Adele Guyton (KU Leuven)


Adele Guyton is a PhD researcher at KU Leuven’s MDRN lab. She works on late 19th and early 20th century German and British popular periodicals and the relationship between their fictions and contemporary astronomical science. Her research interests include periodical studies, alternate histories and fan fiction.

Open and Closed Spaces: Narrating Pseudoscience, Fiction, and Scientific Authority in the Periodical Das Neue Universum

In 1925, Karl August von Laffert published a short story entitled “Das Ende unseres Mondes” (The End of Our Moon) in Das Neue Universum, a mainstream popular science periodical aimed at ‘die reifere Jugend’ (older youths). The contents of “Das Ende unseres Mondes” form the kind of catastrophe narrative familiar to audiences today from the multitude of dystopian films and novels at our disposal: there is a planetary catastrophe (the moon falls), a plucky hero, and a new beginning. The peculiar thing about “Das Ende unseres Mondes” is that it was written explicitly as propaganda for the heterodox cosmology Welteislehre, known in English as the glacial cosmogony.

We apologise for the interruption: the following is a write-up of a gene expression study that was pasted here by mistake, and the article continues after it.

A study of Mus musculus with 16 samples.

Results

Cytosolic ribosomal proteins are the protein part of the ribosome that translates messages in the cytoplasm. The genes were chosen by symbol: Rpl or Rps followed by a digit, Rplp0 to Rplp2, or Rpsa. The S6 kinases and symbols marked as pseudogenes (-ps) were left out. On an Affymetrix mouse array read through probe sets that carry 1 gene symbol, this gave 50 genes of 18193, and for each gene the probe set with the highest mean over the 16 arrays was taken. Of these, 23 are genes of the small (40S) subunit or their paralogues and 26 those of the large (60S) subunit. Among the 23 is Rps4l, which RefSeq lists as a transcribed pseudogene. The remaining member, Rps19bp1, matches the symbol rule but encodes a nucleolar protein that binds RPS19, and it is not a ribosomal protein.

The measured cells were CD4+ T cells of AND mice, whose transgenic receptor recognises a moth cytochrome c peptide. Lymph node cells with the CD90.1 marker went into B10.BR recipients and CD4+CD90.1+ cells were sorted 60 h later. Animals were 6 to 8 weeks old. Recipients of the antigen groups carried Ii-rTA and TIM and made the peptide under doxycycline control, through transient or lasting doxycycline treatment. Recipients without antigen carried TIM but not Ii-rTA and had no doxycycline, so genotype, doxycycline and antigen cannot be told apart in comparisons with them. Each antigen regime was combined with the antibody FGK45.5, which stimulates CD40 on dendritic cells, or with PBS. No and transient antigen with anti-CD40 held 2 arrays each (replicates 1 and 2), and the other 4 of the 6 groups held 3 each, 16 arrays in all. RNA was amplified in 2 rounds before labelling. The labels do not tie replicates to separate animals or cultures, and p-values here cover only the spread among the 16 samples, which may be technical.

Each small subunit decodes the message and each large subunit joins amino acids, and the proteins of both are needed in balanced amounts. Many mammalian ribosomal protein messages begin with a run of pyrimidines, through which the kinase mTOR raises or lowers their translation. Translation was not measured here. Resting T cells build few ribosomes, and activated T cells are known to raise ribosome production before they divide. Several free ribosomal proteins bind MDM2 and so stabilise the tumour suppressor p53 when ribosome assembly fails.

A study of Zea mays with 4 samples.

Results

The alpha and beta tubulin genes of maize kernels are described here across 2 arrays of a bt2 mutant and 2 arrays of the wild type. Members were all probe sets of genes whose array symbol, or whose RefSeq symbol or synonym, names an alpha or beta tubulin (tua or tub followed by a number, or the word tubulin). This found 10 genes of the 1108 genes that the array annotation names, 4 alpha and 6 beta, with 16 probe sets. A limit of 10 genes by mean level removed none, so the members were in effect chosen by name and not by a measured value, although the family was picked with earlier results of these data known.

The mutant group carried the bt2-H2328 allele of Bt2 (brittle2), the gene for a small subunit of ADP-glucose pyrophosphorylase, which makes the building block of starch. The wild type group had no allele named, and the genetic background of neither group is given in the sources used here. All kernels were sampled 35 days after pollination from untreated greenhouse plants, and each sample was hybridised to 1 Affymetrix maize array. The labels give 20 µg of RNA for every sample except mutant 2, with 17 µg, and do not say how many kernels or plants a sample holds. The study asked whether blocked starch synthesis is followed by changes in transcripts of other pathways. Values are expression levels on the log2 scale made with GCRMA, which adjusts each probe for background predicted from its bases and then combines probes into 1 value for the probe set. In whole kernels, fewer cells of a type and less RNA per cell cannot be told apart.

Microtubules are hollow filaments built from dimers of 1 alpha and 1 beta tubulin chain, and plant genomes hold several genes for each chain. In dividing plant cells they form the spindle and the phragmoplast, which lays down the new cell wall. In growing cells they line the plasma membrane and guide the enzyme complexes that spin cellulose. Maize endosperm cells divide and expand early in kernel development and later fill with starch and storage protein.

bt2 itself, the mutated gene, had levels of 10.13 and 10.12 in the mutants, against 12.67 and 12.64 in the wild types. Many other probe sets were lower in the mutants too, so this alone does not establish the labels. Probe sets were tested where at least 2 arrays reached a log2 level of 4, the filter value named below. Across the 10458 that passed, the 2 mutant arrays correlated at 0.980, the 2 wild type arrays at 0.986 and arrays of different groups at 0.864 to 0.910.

This presentation will examine the narrative techniques and tropes used by Laffert to make the Welteislehre convincing and appealing to Das Neue Universum’s audience, and look at how the story fits in with the periodical as its paratext. I argue that in “Das Ende unseres Mondes”, it is narrative structures and intertextual hints that do the heavy lifting in favour of Welteis ideas. Intradiegetic diary passages and Classical and Biblical references subtly reinforce the Welteislehre’s cyclical model of history and frame global catastrophe as an arena for heroism on a Homeric scale. In seeking to persuade a wider, younger, and possibly more skeptical audience, Laffert leans in on those narrative aspects of Welteis that might appeal to youth growing up in a period of national crisis.